Why is there a "Next" button?


#1

I’m curious about the design decision to make users click on a choice radio button, and then click on a “Next” button. Why not just click on the choice as a link to advance directly to the next section? It works for the Stats page. Surely this isn’t a Javascript limitation?

Is this a safeguard against accidental choices? An “Is that your final answer?” for dramatic purposes? I know, some of the games occasionally allowed you to pick from two sets of radio buttons before hitting “Next,” but it’s pretty rare for that to be needed, and in the meantime, my hand is about to fall off from running the mouse/trackpad twice as much as necessary (not a joke for those susceptible to carpal tunnel/RSI).

Any chance that for a future version of ChoiceScript, the “Next” button could be made optional if a designer wanted, and the choices appear as links instead of radio buttons?


#2

Yes, it’s to protect against accidental choices.

We’ve considered incorporating an Undo (or Back) button instead, but we found that users would spoil their game, by clicking on every option one at a time and clicking Back, until they found a result they liked the best. It removed all of the dramatic tension; one user described this as a “chore!”

It’s tempting to say “well, if it’s a chore, and it ruins the game, then why are you pushing the Back button so much? Just play the game without testing every option first!” But I think people just can’t help themselves; it’s just too hard to resist pressing the Back button when we’ve made the “wrong” choice. And even if we never use the Back button, it undermines tension just knowing that “if I ever get in trouble, I can always Undo…”

Also, when people accidentally pick the wrong option by a misclick, they’re often confused by what follows. The player has to stop and realize: “Wait, didn’t I choose to flee? Why am I fighting? Oh, I must have clicked the wrong thing.” When we use radio buttons, it’s easier to immediately see a misclick: the wrong radio button lights up. This gives players a chance to fix mistakes in a less confusing way.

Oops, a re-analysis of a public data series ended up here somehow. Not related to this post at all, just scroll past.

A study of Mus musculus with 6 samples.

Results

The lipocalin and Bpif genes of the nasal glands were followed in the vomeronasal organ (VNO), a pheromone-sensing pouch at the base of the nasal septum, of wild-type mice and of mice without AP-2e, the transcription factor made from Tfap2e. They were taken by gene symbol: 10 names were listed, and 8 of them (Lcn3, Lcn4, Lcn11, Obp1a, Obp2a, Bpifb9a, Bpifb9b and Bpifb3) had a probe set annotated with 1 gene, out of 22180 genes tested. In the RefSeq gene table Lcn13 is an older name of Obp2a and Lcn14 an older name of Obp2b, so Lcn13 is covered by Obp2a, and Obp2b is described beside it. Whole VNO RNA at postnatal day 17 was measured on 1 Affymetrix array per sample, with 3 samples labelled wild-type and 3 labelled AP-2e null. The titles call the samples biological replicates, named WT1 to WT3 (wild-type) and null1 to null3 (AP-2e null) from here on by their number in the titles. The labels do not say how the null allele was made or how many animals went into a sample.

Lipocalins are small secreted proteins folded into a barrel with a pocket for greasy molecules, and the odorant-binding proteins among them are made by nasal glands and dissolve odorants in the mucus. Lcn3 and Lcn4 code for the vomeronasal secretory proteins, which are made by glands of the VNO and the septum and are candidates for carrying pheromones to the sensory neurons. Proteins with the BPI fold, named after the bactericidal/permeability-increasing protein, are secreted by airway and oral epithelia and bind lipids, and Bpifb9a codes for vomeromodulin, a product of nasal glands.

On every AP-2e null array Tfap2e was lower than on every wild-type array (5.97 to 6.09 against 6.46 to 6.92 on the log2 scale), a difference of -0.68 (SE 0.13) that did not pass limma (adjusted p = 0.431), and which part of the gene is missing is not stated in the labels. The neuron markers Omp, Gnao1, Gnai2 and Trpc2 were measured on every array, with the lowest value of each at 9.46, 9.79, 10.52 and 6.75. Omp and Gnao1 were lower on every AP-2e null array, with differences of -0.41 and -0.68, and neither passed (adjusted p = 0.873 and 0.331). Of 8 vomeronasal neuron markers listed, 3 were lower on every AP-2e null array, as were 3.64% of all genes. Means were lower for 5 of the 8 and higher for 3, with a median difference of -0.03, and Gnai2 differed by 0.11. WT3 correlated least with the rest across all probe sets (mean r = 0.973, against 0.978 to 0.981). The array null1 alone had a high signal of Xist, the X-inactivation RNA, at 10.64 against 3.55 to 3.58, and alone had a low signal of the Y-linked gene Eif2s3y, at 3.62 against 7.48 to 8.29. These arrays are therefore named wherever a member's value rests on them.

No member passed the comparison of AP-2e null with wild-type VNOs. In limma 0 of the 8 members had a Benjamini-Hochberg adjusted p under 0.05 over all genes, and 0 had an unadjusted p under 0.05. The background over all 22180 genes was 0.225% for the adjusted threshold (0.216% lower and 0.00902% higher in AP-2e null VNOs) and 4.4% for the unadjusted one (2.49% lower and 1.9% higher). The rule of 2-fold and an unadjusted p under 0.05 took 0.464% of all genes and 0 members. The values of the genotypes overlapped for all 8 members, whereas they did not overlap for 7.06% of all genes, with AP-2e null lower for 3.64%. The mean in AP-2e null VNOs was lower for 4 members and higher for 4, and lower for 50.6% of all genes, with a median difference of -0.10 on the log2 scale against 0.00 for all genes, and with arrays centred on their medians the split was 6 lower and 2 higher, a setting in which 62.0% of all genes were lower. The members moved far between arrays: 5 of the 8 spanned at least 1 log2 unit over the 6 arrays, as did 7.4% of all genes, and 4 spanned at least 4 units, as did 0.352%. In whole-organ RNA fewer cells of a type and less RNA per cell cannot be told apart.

(We’ve separately considered making a back button available only to players who have beaten the game at least once; this is probably a good idea, but it requires work; we haven’t found time to do it yet.)


#3

Oh, I forgot to answer your question: I suppose it’s possible that we’d replace the radio buttons with links or regular buttons, but it’s not currently planned.


#4

I love the fact we have to click “Next” as I use my phone to play a lot of these games and it can be a pain trying to scroll down with your finger and accidently hitting buttons :stuck_out_tongue:


#5

^^ Same :smiley:

also the idea to introduce the back button after having played through once already is a good one.

on a smaller note, is there currently or will there ever be the ability for users of choicescript to customise the text displayed on the “Next” button, in the same way you can change the “View Stats” button?


#6

Well, I suppose if testing showed a lot of misclicks, then a Next button is the way to go, unless you just need more space between selections (probably not the case, and would introduce its own problems).

A Back button for those who have completed a certain % of the game’s content would be cool.


#7

Although I agree the ‘Next’ button is more or less… hmm… cumbersome? (For lack of a better word, and I’m using it loosely at the moment.) I prefer the button to be there. Too many times have I made an accidental choice.
Also, it’s better than a pop-up saying “Are you sure you want to pick this choice?” click yes “you SUURE?” etc…


#8

on a smaller note, is there currently or will there ever be the ability for users of choicescript to customise the text displayed on the “Next” button, in the same way you can change the “View Stats” button?

You can already do this. It’s in the Advanced Techniques section of the documentation.

Labeled buttons: By default, *finish buttons say “Next Chapter” and *page_break buttons say “Next”. You can make the button say something else, instead:

*page_break On with the show!
*finish The show is over!


#9

The problem, though, is that it’s impossible to display more than a dozen characters on the buttons on iPhones and Android.